Jan. 28, 2013. The Southeastern U.S. has not experienced the same warming that has occurred across much of the world during the past century. Researchers and climate educators at Appalachian State University are conducting research to better understand why that is happening.
“We think that is due to the high aerosol loading in this region, which to some degree counteracts greenhouse warming,” explained Dr. Brett Taubman, an assistant professor of chemistry at Appalachian.
The research, published in the International Journal of Climatology December 2012 in November 2012, was a collaboration between geography, chemistry and physics professors at Appalachian, and the National Oceanic and Atmospheric Administration. It was conducted at the university’s atmospheric research facility, called AppalAIR, Appalachian Atmospheric Interdisciplinary Research.
“Our site is particularly valuable at getting a picture of the regional footprint in the Southeast,” Taubman said. “We are in the middle of the region and our sampling site is located about a kilometer above sea level. We also are in a site that’s pretty rural without a lot of pollution sources.”
Aerosols are tiny particles in the atmosphere that result from human activity, such as burning wood or fossil fuels, or from motor vehicle, incinerator or power plant emissions. Aerosols from natural sources include sea salt that becomes airborne, particles from sandstorms and volatile organic compounds emitted by plants, such as terpenes.
“As the amount and chemical composition of aerosols change in the area due to changing anthropogenic and biogenic emissions, how will that affect this area in the future and the warming associated with climate change,” Taubman said. “This is a first attempt to begin to understand those processes.”
“Atmospheric aerosols are one of the least understood facets in the body of climate change knowledge,” said Ginger M. Kelly, outreach coordinator of the NASA-funded Climate Action Network through Direct Observations and Outreach program. She was the lead author of the studies that looked at the amount of aerosols collected during a 16-month research period, how their microphysical properties impacted solar radiation and how those factors related to precipitation patterns in the Southern Appalachian Mountains.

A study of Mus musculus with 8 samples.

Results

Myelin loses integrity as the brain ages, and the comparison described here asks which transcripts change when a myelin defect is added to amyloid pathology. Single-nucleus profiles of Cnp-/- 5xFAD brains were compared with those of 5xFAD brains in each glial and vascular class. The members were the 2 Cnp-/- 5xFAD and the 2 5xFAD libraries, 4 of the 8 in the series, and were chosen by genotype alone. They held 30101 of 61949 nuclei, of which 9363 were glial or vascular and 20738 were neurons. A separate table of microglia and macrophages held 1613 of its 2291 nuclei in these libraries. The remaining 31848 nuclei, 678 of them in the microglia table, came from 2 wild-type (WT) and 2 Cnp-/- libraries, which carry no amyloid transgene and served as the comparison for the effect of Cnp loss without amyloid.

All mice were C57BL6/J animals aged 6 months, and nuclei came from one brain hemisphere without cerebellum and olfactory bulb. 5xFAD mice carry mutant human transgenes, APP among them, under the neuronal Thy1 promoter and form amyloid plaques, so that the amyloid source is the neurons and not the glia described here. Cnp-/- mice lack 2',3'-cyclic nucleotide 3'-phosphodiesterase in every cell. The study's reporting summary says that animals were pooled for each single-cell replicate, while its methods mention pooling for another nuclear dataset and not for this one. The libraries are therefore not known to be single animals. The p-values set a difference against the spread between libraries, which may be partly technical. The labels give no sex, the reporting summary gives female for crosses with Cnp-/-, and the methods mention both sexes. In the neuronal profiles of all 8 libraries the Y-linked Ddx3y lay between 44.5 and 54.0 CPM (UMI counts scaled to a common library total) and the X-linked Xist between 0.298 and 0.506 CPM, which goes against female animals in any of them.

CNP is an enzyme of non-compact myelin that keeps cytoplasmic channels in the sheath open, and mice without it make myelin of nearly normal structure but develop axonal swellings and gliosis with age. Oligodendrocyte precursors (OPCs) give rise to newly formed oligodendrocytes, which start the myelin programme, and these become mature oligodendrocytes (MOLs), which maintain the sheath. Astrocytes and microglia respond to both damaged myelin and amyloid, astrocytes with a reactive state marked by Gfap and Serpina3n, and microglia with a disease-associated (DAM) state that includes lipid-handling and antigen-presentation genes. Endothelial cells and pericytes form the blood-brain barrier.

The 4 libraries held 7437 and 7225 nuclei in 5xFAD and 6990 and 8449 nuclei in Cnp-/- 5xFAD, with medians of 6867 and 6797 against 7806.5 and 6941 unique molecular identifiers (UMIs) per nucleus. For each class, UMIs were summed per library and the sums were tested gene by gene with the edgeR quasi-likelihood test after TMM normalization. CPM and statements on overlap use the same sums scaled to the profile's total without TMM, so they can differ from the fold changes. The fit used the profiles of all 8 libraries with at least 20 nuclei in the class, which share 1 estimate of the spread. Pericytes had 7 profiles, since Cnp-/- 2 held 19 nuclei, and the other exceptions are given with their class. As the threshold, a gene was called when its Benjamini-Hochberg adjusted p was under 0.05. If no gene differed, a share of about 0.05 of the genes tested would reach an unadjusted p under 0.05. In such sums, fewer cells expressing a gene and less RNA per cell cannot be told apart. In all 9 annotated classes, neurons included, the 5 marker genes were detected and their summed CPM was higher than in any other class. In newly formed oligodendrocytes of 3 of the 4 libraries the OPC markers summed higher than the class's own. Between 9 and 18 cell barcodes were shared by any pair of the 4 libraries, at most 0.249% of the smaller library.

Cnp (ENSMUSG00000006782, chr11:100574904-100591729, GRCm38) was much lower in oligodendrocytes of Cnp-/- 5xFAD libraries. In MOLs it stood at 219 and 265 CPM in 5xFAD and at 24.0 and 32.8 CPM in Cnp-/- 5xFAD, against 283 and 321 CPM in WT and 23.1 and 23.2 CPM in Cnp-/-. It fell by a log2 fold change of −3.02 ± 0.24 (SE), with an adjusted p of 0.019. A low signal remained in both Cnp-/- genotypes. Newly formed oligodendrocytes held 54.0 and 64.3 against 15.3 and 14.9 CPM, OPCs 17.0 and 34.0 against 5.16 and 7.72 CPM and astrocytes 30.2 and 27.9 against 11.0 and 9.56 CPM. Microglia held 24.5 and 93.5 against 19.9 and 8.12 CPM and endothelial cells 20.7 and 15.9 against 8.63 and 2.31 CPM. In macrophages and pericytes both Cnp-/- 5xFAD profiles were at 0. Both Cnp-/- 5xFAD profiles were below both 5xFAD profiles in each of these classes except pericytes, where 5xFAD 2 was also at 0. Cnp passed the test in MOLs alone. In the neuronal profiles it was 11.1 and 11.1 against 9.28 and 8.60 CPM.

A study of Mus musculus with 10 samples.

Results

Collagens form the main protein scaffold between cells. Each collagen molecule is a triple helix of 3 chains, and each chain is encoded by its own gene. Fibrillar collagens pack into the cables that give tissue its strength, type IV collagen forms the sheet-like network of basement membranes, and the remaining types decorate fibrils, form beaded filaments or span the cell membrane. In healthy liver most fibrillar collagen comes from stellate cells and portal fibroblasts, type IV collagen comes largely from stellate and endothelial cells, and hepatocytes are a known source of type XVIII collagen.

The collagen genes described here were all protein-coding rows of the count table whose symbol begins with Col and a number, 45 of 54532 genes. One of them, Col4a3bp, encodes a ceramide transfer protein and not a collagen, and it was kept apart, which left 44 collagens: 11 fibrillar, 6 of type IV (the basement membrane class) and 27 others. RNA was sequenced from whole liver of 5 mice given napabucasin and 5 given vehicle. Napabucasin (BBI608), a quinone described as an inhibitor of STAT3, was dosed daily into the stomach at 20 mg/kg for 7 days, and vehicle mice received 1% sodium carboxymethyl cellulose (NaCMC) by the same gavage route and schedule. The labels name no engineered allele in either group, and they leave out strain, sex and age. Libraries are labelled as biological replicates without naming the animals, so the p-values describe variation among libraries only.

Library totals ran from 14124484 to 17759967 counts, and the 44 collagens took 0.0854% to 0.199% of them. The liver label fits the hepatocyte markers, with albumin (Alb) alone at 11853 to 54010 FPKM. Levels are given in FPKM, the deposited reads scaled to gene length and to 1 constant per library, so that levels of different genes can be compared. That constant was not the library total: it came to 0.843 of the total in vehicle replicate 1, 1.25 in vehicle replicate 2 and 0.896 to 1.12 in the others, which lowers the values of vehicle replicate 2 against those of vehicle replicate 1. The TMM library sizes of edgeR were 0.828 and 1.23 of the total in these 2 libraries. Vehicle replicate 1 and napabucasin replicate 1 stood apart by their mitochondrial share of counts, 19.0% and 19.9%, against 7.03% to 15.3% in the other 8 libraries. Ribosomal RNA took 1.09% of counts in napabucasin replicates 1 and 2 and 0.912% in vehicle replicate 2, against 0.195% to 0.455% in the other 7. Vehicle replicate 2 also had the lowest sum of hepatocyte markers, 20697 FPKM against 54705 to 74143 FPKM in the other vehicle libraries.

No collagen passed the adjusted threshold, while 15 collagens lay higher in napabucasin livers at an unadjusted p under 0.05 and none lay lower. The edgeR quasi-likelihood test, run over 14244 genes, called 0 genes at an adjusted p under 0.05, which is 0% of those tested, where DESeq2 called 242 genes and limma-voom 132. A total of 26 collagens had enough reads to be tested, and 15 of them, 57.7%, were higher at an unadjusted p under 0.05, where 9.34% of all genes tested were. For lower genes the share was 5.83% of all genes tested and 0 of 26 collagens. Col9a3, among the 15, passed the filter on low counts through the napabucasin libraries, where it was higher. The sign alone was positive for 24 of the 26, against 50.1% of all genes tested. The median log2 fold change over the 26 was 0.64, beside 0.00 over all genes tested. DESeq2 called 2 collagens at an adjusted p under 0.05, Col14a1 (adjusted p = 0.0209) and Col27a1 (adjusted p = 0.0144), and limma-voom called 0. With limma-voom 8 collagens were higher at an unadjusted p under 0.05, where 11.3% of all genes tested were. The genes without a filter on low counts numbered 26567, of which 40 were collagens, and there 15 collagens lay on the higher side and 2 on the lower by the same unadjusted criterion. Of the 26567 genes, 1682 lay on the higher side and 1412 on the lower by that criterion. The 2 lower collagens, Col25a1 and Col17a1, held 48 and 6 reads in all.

“A lot of time when we talk about climate change, it’s in the context of carbon dioxide emissions. Areas that aren’t focused on are atmospheric aerosols and land use changes,” Kelly said. “This work shows a methodology that can be used to determine how aerosols are influencing earth’s climate system.”
Aerosols play a key role in the formation of precipitation – both rain and snow. Raindrops form from tiny specks of dust or airborne particles.
“Aerosols that result from human activity, such as soot particles or black carbon, tend to suppress precipitation because their texture and size prevents the raindrops from growing large enough to rain out,” Kelly explained.
The particles also are associated with climate forcing in the summer when the number of particles in the atmosphere is greatest. “A lot of that is due to emissions from trees, which together with manmade emissions produce aerosols that scatter solar radiation back into space, which has a cooling effect,” Taubman said. “We see a tremendous variability in the summer, when we have high loading that you can see as a haze in the atmosphere. And then we’ll go to the cleanest of background atmosphere. As a scientist, it’s great to be able to sample from both.”
The researchers’ next step will be to analyze the chemical composition of aerosols collected at the AppalAIR site. “That has the potential to be tremendously important information,” Taubman said. “Then you can say if you have a certain type of chemical composition you can expect a particular type of climate forcing. That’s information that could be applicable to other parts of the world.”
In addition to Kelley and Taubman, other authors of the study were Dr. L. Baker Perry, geography and planning; Dr. James P. Sherman, physics and astronomy; Dr. Peter T. Soulé, geography and planning and Patrick J. Sheridan, National Oceanic and Atmospheric Administration.